Important Facts About Bankruptcy
No-one wants to go bankrupt, but sometimes applying for bankruptcy is the best way to deal with debt and get debt relief. As an Ontario bankruptcy trustee firm helping individuals eliminate debt since 1999, Hoyes Michalos believes there are several facts you should know about bankruptcy before deciding to declare bankruptcy.
What is bankruptcy?
Personal bankruptcy is a legal process where an individual who cannot repay debts to creditors can be discharged from their obligations to repay eligible debts. Debtors assign their rights to non-exempt assets for the benefit of their creditors, in exchange for which they are released from unsecured debts. Bankruptcy in Canada must be filed with a Licensed Insolvency Trustee who ensures that the rules and laws around the bankruptcy process are applied fairly to both the debtor and creditors.
Bankruptcy laws in Canada
Federal bankruptcy laws are set out in the Bankruptcy & Insolvency Act. The BIA defines the proceedings available to individuals seeking resolution to their debts: personal bankruptcy, consumer proposal and a Division I proposal.
Declaring bankruptcy means a fresh start. Bankruptcy legislation is what provides immediate protection from creditor actions, known as an automatic stay of proceedings. Collection agencies and creditors stop calling. Wage garnishments will stop.
Provincial laws also impact your bankruptcy, including legislation that defines what assets are exempt from seizure when you file bankruptcy.
Who qualifies to file bankruptcy?
To be eligible to file bankruptcy in Canada you must be an insolvent person which means you:
- owe at least $1,000 in unsecured debt,
- are unable to pay your debts as they come due or
- you owe more in debts than the value of the assets you own, and
- you must either reside, do business, or have property in Canada.
You do not need to be a citizen to file bankruptcy. You can be a permanent resident or even live abroad but have property here.
What assets do you keep in a bankruptcy?
There are consequences of filing bankruptcy, but this does not mean that you lose everything.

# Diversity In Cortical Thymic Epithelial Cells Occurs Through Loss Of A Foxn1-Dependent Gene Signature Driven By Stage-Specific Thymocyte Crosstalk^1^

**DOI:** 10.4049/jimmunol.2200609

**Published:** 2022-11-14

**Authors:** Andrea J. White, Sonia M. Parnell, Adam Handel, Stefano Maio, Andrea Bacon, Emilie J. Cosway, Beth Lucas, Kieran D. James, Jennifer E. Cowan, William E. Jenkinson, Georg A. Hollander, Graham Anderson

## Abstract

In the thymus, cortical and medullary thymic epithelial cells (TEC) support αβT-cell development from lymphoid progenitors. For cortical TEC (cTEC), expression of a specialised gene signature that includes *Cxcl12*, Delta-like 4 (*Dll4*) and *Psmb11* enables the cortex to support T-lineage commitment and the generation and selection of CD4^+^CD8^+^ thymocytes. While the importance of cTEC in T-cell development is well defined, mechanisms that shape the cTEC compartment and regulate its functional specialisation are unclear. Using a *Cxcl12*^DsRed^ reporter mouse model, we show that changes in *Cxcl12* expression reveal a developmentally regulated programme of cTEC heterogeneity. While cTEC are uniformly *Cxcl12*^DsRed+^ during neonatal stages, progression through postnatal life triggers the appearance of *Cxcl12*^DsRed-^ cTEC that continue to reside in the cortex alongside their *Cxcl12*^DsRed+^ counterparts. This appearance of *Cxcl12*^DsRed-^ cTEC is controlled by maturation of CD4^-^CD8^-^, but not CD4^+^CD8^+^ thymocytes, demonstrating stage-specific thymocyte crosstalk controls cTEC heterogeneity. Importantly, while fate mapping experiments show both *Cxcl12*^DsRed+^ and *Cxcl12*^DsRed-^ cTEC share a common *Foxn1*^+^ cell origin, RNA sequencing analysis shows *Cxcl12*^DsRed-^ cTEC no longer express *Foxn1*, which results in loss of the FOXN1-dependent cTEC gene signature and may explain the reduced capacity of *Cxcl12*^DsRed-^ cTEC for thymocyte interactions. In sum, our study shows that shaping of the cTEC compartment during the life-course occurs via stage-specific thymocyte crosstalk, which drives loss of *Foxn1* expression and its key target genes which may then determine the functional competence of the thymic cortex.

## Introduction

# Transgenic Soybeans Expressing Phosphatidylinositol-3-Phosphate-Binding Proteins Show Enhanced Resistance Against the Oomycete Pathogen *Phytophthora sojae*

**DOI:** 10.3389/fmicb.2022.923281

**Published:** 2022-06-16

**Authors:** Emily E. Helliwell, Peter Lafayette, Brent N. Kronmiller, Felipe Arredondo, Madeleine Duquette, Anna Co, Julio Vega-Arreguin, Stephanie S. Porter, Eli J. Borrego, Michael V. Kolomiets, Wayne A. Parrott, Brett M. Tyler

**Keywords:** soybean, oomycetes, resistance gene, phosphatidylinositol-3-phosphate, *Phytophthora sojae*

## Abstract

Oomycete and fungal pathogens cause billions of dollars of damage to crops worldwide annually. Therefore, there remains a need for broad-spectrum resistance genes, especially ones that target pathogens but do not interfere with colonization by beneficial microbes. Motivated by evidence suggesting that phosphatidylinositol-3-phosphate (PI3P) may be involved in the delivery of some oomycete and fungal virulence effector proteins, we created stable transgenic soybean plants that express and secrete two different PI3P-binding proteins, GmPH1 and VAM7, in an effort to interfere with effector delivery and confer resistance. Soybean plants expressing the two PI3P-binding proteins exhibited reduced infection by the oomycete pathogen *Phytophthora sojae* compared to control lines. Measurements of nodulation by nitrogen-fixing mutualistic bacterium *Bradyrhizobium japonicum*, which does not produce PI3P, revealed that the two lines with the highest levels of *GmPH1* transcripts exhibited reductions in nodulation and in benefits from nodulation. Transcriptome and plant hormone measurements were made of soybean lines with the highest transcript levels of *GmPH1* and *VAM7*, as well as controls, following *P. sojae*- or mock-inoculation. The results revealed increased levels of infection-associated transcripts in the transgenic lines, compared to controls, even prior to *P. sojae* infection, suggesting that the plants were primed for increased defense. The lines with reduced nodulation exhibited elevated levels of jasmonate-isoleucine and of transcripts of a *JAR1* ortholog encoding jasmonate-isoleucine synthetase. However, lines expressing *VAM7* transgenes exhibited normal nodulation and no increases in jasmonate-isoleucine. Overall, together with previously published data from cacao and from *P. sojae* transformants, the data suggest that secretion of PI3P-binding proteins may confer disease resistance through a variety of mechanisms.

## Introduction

When declaring bankruptcy in Ontario, most personal belongings are exempt from seizure by law. It’s even possible to keep your car and house when filing for bankruptcy. RRSPs are also protected in a bankruptcy in Canada with the exception of contributions made in the last year.
What debts are discharged by bankruptcy?
Bankruptcy eliminates unsecured debts, including credit card balances, bank loans, lines of credit, payday loans, even tax debts. Student loans can also be included in a bankruptcy if you have been out of school for seven years.
Secured debts are not affected by your bankruptcy. Examples would be your mortgage or car loan. Secured creditors have rights to the collateral or assets you pledged against the loan if you are behind on payments.
Some debts remain including support payments, debts due to fraud and court fines.
For more information see our article on debts included in a bankruptcy.
How does your income affect the cost of bankruptcy?
Bankruptcy in Canada is based on the principle that the more you make, the more you will pay. Technically this is called surplus income and this will affect the cost of bankruptcy. If your income is above the government mandated threshold for your family size, you can avoid surplus income by filing a consumer proposal.
How long will you be bankrupt?
The length of bankruptcy depends on two factors: if you’ve filed bankruptcy before and your income level.
If you are a first-time bankrupt with no surplus income, have completed all your duties and if no creditors object, you could begin your life debt free in just 9 months.
If you have surplus income your bankruptcy will be extended to 21 months. Those filing bankruptcy a second and third time will be bankrupt longer.
As part of the bankruptcy process, you will need to attend two credit counselling sessions that will help you learn to manage your money and rebuild credit. At Hoyes, Michalos we offer a free ‘for clients only’ website to help support you through this learning.
There are alternatives to bankruptcy
Not every person experiencing debt problems needs to file insolvency. When you meet with a Licensed Insolvency Trustee for a debt assessment, part of the review includes a discussion of the alternatives to bankruptcy.
A consumer proposal might be a better solution for you. As one of Ontario’s largest consumer proposal administrators, we have the experience to help you choose between claiming bankruptcy and making a debt proposal to creditors.
Evaluate your alternatives to bankruptcy with our Debt Options Calculator.
Should you claim bankruptcy?
Deciding if bankruptcy is the right solution for you begins with a free financial assessment of your situation. You will meet with a Licensed Insolvency Trustee who will ask questions about your debts, your income and your budget.
If filing bankruptcy in Ontario is the right solution for you, your trustee will fully explain the process and answer any further questions you may have.
At Hoyes, Michalos and Associates we are proud to be a team of understanding professionals who can help you decide if personal bankruptcy is the right solution to deal with your debts.